How Technology is Being Served at a Fast-Food Restaurant Near You

    Quick-service restaurants have had to rethink entirely how they do business.

    Outside Insights | December 14, 2020 | Glenn Katz

    Panera Bread

    For all of these technologies to be implemented, a network that supports a quick-service restaurant’s technology and applications is as important as ever.

    The pandemic has forced retailers—and their customers—to look at things differently. As mall and in-store traffic and in-restaurant dining dwindle, retailers are reimagining the physical footprint of their stores to meet customers’ changing needs.

    Quick-service restaurants have had to rethink entirely how they do business, from digital orders to drive thrus, and curbside pick to buying online or picking up in-store. But what quick-serves lacked in physical space, they made up for in next-generation technology.

    In today’s fast-paced and safety-forward environment, diners are increasingly expecting technology-forward experiences that will help keep them healthy. As restaurants look to meet customer’s demands, here are a few adaptations of technology they should continue to consider:

    Touch-less Ordering and Payment Process

    Customers are always looking for convenience in their fast-paced lives, and one area that quick-service brands can meet this demand is in the ordering and payment process. Recent research has shown that mobile applications represent roughly 60 percent of all digital restaurant orders. Mobile applications are one way to not only keep transactions touch-less and safe, but also drive customer loyalty by offering points, discounts, or other offers.

    Automated checkout systems—which can take a few different forms—are another example of convenience-forward technology. When a customer places an order from a mobile app or in-store pickup, beaconing technology and analytics can be used to recognize the customer and check off the order as paid, all within the WiFi network. This enables the customer the convenience to grab and go. A similar variation of the grab and go is to place mobile orders in an in-store locker. Customers can scan a code from their phone to find their locker and unlock it.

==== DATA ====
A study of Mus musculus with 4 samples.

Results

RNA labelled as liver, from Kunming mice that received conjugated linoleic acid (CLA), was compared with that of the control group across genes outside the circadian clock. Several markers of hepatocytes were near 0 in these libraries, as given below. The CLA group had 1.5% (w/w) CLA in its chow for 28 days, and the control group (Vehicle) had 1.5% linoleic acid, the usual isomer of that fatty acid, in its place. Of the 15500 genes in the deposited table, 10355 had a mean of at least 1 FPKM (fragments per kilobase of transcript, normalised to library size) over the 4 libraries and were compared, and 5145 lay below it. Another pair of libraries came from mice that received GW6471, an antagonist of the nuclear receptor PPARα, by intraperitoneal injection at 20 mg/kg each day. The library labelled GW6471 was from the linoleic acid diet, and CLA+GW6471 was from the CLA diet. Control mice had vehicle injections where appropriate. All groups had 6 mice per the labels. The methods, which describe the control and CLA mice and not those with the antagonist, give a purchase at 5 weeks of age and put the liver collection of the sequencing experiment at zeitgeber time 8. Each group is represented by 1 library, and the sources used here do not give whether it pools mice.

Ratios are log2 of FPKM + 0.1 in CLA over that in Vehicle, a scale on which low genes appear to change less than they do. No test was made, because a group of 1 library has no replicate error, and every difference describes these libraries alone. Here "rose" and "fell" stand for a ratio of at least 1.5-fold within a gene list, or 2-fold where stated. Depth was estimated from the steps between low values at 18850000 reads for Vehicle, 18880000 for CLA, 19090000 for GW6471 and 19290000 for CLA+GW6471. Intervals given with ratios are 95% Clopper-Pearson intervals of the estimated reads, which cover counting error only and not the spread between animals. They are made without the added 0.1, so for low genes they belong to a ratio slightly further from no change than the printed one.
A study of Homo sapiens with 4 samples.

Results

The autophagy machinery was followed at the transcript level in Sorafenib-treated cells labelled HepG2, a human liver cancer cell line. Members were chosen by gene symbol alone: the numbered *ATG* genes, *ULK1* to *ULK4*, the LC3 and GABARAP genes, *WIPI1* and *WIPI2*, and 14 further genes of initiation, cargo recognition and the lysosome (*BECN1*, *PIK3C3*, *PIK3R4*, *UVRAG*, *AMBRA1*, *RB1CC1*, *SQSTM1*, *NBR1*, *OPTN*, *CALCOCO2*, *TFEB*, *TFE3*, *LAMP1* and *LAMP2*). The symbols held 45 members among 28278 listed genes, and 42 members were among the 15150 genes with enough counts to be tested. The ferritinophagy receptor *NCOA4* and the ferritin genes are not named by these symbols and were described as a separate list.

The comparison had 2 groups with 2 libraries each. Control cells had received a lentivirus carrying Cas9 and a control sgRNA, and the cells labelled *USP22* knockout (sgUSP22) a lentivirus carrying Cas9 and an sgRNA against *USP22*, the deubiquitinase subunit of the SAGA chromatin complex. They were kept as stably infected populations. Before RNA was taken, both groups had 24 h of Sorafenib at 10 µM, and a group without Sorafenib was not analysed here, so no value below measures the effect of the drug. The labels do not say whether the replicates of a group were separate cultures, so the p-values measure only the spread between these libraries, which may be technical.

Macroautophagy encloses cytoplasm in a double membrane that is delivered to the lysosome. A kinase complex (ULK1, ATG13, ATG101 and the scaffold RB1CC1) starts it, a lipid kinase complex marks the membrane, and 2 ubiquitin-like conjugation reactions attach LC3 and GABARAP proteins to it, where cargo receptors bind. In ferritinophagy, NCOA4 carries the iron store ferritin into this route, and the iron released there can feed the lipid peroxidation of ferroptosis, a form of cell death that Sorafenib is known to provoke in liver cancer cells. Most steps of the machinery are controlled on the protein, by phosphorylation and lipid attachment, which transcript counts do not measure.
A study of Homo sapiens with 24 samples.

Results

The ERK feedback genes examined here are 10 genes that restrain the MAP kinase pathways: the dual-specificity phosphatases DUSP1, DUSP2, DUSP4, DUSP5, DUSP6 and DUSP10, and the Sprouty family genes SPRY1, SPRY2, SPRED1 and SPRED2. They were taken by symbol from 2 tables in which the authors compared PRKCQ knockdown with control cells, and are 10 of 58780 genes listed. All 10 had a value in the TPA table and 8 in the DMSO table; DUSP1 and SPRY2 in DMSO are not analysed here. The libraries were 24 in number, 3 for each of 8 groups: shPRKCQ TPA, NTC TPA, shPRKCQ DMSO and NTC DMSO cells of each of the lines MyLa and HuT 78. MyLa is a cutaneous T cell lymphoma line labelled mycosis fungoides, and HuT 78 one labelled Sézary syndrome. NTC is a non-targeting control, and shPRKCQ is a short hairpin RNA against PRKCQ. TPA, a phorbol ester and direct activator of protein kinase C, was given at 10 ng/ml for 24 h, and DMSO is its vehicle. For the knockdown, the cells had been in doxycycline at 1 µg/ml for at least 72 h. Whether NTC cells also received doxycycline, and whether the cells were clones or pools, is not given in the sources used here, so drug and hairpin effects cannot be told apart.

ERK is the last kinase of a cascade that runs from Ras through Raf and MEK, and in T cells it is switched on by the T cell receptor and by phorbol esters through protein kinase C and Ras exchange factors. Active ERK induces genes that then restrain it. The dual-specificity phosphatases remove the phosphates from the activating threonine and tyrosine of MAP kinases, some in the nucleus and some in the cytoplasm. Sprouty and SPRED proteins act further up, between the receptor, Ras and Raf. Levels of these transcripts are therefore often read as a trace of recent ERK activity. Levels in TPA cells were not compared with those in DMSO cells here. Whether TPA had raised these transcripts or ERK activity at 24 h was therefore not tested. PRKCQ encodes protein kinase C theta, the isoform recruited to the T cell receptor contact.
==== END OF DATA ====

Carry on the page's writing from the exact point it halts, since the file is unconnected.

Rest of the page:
Streamlining the Back-of-House

    Along with the above mentioned customer-facing technologies, quick-serves are also using technologies back-of-house to increase sales and streamline operations. One such technology brands are experimenting with is artificial intelligence (AI).

    AI can be used to order suggestions and drive upsell opportunities. For example, if a customer has ordered a burger in the past, a mobile app can offer it again as a suggestion, personalizing the customer’s experience. Even if a small percentage of diners take up the offer, this can add significant revenue to the bottom-line.

    Quick-service restaurants are also increasingly integrating point-of-sale (POS) systems to streamline operations. POS systems are integrated to drive personalization, and to even send signals to other parts of the restaurant to automate tasks. For example, if a customer orders a milkshake, the POS can send a signal to the milkshake machine to start preparing.

    Voice commands are also keeping workers hands-free. These commands can be used to check on the status of an order, create staffing schedules, and to streamline inventory tasks, saving brands time and money.

    Communication Network

    For all of these technologies to be implemented, a network that supports a quick-service restaurant’s technology and applications is as important as ever. Not only should the underlying connectivity to their locations be fast, but also flexible, reliable, and secure. Having a reliable network means that all applications should be functioning as expected at all times, regardless of the underlying communication network. A scalable network must be able to keep up with increasing demands as more and more customers are using mobile technologies and applications that require higher speeds and throughput. Managing and securing this type of network architecture is critical to protecting customers’ confidential data—and the restaurant’s overall brand reputation.

    To address and manage these network requirements, quick-service restaurants are increasingly relying on software-defined wide-area networks (SD-WAN) and Unified Threat Management (UTM). SD-WAN provides both the Network Service Provider and a company’s IT department the control and visibility needed to manage thousands of locations through one, centralized system. UTM allows for the protection of the data that is coming in and going out of their restaurant locations. When the security of one restaurant location is compromised, the entire brand can be put at risk. With high-speed, reliable connectivity and SD-WAN coupled with strong UTM technology, restaurants can help control their environments in a secure manner to power their applications and maintain their brand.

    Rising Above the Competition

    There are close to 200,000 quick-service restaurant franchises scattered across the United States, and given the current pandemic, competition is fierce when it comes to meeting today’s customer demands. What differentiates successful restaurants to their competitors comes down to the technology being used to streamline operations and ultimately, enhance customer experience.

    Glenn Katz serves as Senior Vice President and General Manager of Enterprise Solutions for Comcast Business, a leader in communication services to the SMB and enterprise marketplace. Katz leads the enterprise solutions organization that sells and delivers managed enterprise solutions to large Fortune 1000-plus enterprise customers nationwide. He holds both a masters and bachelor’s degree in electrical engineering from the Georgia Institute of Technology, located in Atlanta, Georgia.